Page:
A friend and I are working on a sort-of roguelike and I've made a randomization-system for creating a procedurally generated cave-system that's different every time one plays. This can be applied to both pen & paper RPGs and games of the video-variety.
Making an easy-to-use randomizer for a dungeon (or any other location that is separated into different rooms/sub-areas) is easy enough. Designing the whole thing so that it creates a certain type of shape or pattern that you wish to have for the game-area to have is the next step: Do you want a maze-like pattern with lots of dead-ends and crossings? Do you want a winding corridor? A sprawling necropolis of repeating chambers?
I wanted to simulate a cave-system that is somewhat natural in its genesis. Most caves are either carved by water (or lava, I guess) or fissures resulting from movements within the earth. While there are labyrinthine caves in nature, most of them are somewhat linear affairs branching off into side-caves every once. I limited my randomization-effort to four directions, as three dimensions and all that make things a bit to complicated. Then I thought up four different types of passage a player may encounter.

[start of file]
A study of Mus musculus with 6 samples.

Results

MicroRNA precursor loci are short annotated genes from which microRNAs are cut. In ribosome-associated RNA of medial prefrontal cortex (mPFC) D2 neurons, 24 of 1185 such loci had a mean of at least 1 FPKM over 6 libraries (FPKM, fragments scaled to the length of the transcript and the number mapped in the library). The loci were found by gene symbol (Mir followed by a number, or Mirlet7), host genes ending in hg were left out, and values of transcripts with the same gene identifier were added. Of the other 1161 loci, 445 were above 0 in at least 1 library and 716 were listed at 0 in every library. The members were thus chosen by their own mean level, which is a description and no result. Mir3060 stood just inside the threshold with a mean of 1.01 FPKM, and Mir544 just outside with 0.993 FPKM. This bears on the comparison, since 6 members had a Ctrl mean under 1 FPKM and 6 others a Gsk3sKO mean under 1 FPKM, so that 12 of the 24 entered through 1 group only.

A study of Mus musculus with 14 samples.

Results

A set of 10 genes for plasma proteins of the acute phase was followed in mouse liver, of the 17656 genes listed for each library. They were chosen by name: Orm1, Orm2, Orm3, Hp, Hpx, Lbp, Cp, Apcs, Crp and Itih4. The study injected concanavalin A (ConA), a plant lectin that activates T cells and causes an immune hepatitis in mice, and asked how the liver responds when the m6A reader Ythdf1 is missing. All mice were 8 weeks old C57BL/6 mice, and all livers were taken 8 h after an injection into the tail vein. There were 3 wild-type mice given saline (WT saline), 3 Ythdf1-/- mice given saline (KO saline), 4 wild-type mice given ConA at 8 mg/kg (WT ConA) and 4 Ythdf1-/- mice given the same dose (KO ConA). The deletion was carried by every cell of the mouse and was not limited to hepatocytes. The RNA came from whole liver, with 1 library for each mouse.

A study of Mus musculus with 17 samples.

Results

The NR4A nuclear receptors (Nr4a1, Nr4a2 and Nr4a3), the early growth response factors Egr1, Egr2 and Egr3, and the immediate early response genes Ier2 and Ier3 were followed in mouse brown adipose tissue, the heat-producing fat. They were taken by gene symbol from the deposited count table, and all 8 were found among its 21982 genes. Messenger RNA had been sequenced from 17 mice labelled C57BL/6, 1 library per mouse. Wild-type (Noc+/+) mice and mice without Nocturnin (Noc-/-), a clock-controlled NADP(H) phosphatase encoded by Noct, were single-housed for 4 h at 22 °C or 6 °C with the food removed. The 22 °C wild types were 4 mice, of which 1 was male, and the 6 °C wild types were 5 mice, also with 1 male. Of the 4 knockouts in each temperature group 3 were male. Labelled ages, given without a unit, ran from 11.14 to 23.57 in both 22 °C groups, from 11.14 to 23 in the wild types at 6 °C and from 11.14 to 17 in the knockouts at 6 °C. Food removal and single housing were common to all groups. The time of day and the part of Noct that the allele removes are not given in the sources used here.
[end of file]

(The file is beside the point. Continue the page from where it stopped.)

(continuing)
The cave-layout starts with an entrance-room (the entrance being a feature, thus not going into any of the four directions. It's probably a hole in the roof). You then roll two D4, one for the direction, and one for the type of passage that leads that way. For the direction, 1 means North, 2 means East, 3 South, and 4 is West - create a room in that direction. For the passage die, 1 means a wide, washed-out passage, 2 is a tight tunnel, 3 is a steeply sloped passageway and 4 means a twisted tunnel. For the new room, I rolled another D4 to fill it with contents from other random-charts, a 3 meaning a room feature and a 4 meaning a room feature and an item for the player to find.
Repeating this twelve times generates a small dungeon. If the direction hits a room that's already there, a new passage is created and said room can now contain more than one feature or item. Every fourth room gets a random monster from another chart. Room 12 contains an exit. Repeating this more often, due to there only being 4 directions in the game, result in more tightly-clustered rooms with lots of passages in-between. For now, I have created some test-levels, which have in between eight and eleven rooms. Once the game reaches a stage that is actually playable, you'll of course be informed here in my blog. Until then, think of more ways to randomize a maze or a cave-system. The possibilities are (almost) endless.